I just removed the speakon mount from the back of my sub and noticed that the positive cable was soldered to the wrong terminal. I'll switch the speakon wiring and report back. Not sure why the input lights weren't even coming on before though
 

Another way using the same subs wire each one in parallel 2ohm per sub the speakon now have to be wired +1,-1 select either bi-amp or dual mono.
 


 

 

They're D4s so it's a 4ohm load. I ended up getting them working. I ran a bass sweep from YouTube and even with only one light coming on the house sounded like it was going to collapse lol
 

 

 

 

Not correct. How you wire the amp does not change the impedance of the load.

If the load is 4 ohms, that's what the amp sees.

Going to bridged mode generally doubles the lowest impedance you can run on a single channel.

ie, an amp that can run at 2ohm stereo will only be able to run at 4 ohms bridged.
 

 


Bridging an amp cuts the resistance load (measured in ohms) in half, which can cause it to overheat. Be sure to check your manual (or the manufacturer’s website) to see whether or not your amp can function at half the ohms it currently uses.

This is what I have always thought so is this wrong?
 


Bridging an amp cuts the resistance load (measured in ohms) in half, which can cause it to overheat. Be sure to check your manual (or the manufacturer’s website) to see whether or not your amp can function at half the ohms it currently uses.

This is what I have always thought so is this wrong?
That's only if you change the load, for example.

you have two 4ohm speakers, each wired on their own channel. The amp will see 4 ohm load per channel.

If you run the amp bridged, and then run the speakers in parallel, it will then be a two ohm load, this is because of how the load is configured.

You could also run them in series, and then they'd be an 8 ohm load.

Another example....

you have amp in stereo mode, 1 channel with a 4 ohm speaker. You then convert this to bridged mode, it's still a 4 ohm load.
 


You should be able to run those two right up to the edge of the red lights. You should turn on the limiter at -.5db (not -5db) just for protection.
 


You should be able to run those two right up to the edge of the red lights. You should turn on the limiter at -.5db (not -5db) just for protection.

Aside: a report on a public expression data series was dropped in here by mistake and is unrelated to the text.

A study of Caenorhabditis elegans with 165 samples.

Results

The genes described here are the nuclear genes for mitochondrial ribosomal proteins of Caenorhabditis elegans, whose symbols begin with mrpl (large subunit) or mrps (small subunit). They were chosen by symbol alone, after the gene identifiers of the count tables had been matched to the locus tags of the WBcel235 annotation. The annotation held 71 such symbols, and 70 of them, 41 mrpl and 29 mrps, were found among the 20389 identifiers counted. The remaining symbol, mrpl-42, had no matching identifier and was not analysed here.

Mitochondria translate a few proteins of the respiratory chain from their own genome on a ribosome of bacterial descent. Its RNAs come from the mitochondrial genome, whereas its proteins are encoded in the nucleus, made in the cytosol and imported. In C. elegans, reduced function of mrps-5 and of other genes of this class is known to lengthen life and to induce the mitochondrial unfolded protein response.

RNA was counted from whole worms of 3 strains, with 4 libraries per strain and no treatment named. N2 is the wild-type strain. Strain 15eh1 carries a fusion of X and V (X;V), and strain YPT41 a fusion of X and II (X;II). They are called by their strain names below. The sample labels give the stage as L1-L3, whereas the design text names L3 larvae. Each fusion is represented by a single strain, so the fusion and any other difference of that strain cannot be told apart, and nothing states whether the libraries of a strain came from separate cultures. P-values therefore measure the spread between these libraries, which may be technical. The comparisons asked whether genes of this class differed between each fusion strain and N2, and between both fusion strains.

The limiter is actually always in place, even at 0db.
 


you have two 4ohm speakers, each wired on their own channel. The amp will see 4 ohm load per channel.

If you run the amp bridged, and then run the speakers in parallel, it will then be a two ohm load, this is because of how the load is configured.

You could also run them in series, and then they'd be an 8 ohm load.

Another example....

you have amp in stereo mode, 1 channel with a 4 ohm speaker. You then convert this to bridged mode, it's still a 4 ohm load.[/QUOTE

I hate being a pain but humor me please if you have 2 D4 subs wire them in series then the load changes to 8ohms per sub. Now if you take the same 2 subs that were just wired in series and now connect them in parallel connected to one channel of the amp what do you have? What you wrote is how I understand I do not understand how you can take two D4 subs wire the coils in series then connect the subs in parallel and still come up with a 4ohm load all on one channel ?
Back when I was in car stereo we would take to 8ohm subs wire them in parallel then bridge the amp the amp would then see a 2ohm load. If you do absolutely nothing I agree a 4 or 8ohm speaker just using one channel nothing has changed it is still either 4 or 8 but if you do a combo of series parallel it will be different. Okay I will be quiet I am done.
 


you have two 4ohm speakers, each wired on their own channel. The amp will see 4 ohm load per channel.

If you run the amp bridged, and then run the speakers in parallel, it will then be a two ohm load, this is because of how the load is configured.

You could also run them in series, and then they'd be an 8 ohm load.

Another example....

you have amp in stereo mode, 1 channel with a 4 ohm speaker. You then convert this to bridged mode, it's still a 4 ohm load.
I hate being a pain but humor me please if you have 2 D4 subs wire them in series then the load changes to 8ohms per sub. Now if you take the same 2 subs that were just wired in series and now connect them in parallel connected to one channel of the amp what do you have? What you wrote is how I understand I do not understand how you can take two D4 subs wire the coils in series then connect the subs in parallel and still come up with a 4ohm load all on one channel ?
Back when I was in car stereo we would take to 8ohm subs wire them in parallel then bridge the amp the amp would then see a 2ohm load. If you do absolutely nothing I agree a 4 or 8ohm speaker just using one channel nothing has changed it is still either 4 or 8 but if you do a combo of series parallel it will be different. Okay I will be quiet I am done.
a d4 sub wired in series at 8 ohms. If you wire two of these in parallel, this gives you a 4 ohm load.

What you're saying you did in car audio is incorrect. If you wire two 8 ohm subs in parallel, you have a 4 ohm load, not a 2 ohm load.